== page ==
Saoirse Ronan’s UK stage debut in The Tragedy of Macbeth is comfortably fine in what is an eerie and uncomfortable production. Under Yaël Farber’s direction, The Scottish Play is both discomforting when it needs to be, but also when it doesn’t.
Its success is in the minuscule. Credit has to be given to lighting designer Tim Lutkin, as he does so much with so little lighting to begin with. On a similar note, the theatrical ghost light at its opening is rather fitting for the three witches (renamed as the Wyrd Sisters here and played by older women in suits), an actor coating himself in blood is wonderfully reminiscent of The Duchess of Malfi, and after Lady Macbeth’s hand washing became a lockdown meme, Soutra Gilmour’s set has the perfect equipment in place for Covid – there’s a tap on stage, glass panes wheeled around at times, and a fan above the action for perfect ventilation.
Yet unlike the panes, the creative decision behind these choices and others aren’t very clear. A clock in the background ticks away with minimal influence. What symbolism does Banquo wearing a ram’s skull poses? Why were a load of shoes dumped on stage at the start? Answers on a postcard, please.
Elsewhere, those separators could have been a really interesting bridge between the real world and the afterlife, but save for Lady Macbeth’s (Ronan) demise, it serves only as a fairly traditional way to show two different scenes at the same time, to little effect.
Speaking of separation, it’s hard to connect with the action for the first half of the performance – namely because sloppy sound design (namely in the form of a groaning cello at the back of the stage) clashes with the thick and heavy Scottish accents of the performers, making it impossible to hear. If you’re sat in the middle of the curved layout of the audience (in other words, looking straight on at the performers), then you also lose a fair amount to actors turning their back on you. If you’re in the front two rows, you may also get covered in water too, as a bonus.
Once again, one has to wonder and dig deep to question if there are directorial reasons for this. Is it that Lady Macbeth and Macduff turn away to hide a grief which threatens their otherwise brave and unflinching demeanour? It’s unlikely, as fortunately, the way in which the characters are performed by the company is far from two-dimensional.
Similarly, as Lady Macbeth first emerges in a white suit against Macbeth’s black, it’s a curious contrast that is tragically short-lived. What could have been a symbolic reference to the clouding of her judgement (the fading of her white clothes to black) is instead mixed with blues and pinks, and while the costumes are immaculate, it feels like a missed trick not to explore the idea of the tainting of purity further, beyond her white dress being stained with blood at one point – especially given her ‘hands’ monologue.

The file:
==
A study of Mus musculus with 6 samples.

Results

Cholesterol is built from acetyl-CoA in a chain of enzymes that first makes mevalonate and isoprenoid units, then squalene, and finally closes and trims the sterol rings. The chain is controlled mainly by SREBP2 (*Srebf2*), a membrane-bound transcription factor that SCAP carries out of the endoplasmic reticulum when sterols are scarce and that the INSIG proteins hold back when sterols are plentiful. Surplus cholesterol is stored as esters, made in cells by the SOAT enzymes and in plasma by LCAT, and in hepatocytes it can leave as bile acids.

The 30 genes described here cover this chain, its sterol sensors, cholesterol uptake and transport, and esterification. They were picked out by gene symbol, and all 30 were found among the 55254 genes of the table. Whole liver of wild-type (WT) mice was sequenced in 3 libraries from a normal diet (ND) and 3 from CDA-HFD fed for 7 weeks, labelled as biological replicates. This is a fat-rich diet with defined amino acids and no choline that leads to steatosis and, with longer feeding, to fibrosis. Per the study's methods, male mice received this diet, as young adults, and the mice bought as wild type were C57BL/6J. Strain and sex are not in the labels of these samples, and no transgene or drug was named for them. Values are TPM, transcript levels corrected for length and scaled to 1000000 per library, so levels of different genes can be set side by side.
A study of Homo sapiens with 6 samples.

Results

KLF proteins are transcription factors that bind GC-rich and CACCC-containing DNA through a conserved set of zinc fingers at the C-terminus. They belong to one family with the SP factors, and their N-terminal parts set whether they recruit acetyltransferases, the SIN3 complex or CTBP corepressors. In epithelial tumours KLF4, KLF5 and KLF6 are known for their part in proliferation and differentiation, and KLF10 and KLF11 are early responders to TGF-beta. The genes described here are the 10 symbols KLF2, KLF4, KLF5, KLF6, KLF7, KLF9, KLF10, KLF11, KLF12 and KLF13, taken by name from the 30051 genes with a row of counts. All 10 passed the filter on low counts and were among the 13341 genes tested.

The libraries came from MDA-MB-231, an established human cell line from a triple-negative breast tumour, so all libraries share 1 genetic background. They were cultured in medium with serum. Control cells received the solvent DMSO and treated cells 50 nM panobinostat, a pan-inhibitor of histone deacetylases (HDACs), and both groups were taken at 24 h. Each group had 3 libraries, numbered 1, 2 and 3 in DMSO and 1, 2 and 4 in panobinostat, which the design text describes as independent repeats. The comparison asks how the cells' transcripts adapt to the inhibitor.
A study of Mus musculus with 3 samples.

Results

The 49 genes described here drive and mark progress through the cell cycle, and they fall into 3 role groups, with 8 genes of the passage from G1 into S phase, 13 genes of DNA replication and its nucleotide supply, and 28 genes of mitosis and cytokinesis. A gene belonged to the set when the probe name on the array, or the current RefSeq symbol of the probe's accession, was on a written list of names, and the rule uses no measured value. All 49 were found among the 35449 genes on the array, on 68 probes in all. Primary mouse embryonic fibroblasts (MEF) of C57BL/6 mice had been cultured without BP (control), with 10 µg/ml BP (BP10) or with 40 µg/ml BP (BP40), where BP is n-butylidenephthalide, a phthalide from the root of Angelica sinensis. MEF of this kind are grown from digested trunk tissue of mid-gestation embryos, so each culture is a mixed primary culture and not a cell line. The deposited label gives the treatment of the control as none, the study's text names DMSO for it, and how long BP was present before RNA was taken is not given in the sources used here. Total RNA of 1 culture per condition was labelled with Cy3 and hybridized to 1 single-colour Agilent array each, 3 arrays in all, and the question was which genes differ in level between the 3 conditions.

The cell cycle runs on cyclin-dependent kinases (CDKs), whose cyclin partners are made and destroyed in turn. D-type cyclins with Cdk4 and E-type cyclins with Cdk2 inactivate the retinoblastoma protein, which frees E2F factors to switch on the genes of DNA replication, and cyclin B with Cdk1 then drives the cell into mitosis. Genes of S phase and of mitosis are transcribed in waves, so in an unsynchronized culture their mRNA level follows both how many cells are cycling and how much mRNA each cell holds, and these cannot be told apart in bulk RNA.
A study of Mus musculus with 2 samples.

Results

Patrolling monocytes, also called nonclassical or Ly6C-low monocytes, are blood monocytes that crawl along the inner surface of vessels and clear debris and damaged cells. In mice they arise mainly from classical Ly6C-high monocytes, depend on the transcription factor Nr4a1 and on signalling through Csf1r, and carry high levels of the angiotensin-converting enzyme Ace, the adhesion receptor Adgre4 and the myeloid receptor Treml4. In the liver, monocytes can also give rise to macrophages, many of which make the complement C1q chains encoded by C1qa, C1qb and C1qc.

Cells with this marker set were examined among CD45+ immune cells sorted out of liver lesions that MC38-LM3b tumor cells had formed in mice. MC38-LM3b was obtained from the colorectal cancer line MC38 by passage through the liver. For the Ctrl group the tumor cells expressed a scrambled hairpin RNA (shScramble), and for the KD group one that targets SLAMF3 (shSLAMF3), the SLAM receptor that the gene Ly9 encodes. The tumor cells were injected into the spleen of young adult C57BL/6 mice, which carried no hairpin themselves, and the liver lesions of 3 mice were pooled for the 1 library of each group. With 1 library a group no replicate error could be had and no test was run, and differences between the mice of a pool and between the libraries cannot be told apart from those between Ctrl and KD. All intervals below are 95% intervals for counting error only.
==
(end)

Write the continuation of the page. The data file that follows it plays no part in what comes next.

As for the overbearing cello, the reasoning behind that is pretty obvious. At its best, it strikes an ominous, sinister tone, but it often outstays its welcome. When King Duncan bestows Macbeth with the honour of Thane of Cawdor, the string instrument ruins a moment which is already cinematic in itself. Add to this the fact that it’s promptly eliminated by Macbeth in the second half, one wondered what the intention was behind the musical presence, especially when things became a lot more engaging and intense when the music was relegated to the background and to normal levels.
At this point, the performances of our two leading actors – Ronan and Peter Gynt actor James McArdle – are finally given the room they need to breath, and they shine together. During an awkward address to the crowd, Lady Macbeth attempts to salvage public appearances in the middle of a candid breakdown from Macbeth, who has seen the ghost of his friend Banquo. Although the reaction to the death is overdue, McArdle’s response to the hallucination is chilling. Deaths in part two, most notably that of Macduff’s family and Macbeth himself, are all the more chilling in their silence, as we watch on, undeterred by such misery and devastation.
It’s here where The Tragedy of Macbeth undoubtedly falls short, as these quieter moments are few and far between across a three hour-long production which is loud and messy in more ways than one. McArdle and Ronan’s performances are respectable, the latter playing a conflicted Lady Macbeth who wants both intimacy and distance from foul deeds, but this strong two-hander with its curious moments is undermined by an overbearing direction which stifles and drowns out the drama – and that’s the real tragedy.
The Tragedy of Macbeth is now playing at the Almeida Theatre until 27 November. The production will also be live-streamed from 27-30 October.
Production Images: Marc Brenner.
Disclaimer: I was invited to review ‘The Tragedy of Macbeth’ for free as a member of the press in exchange for a review of the production. I did not receive payment for this piece and all opinions expressed are honest and my own.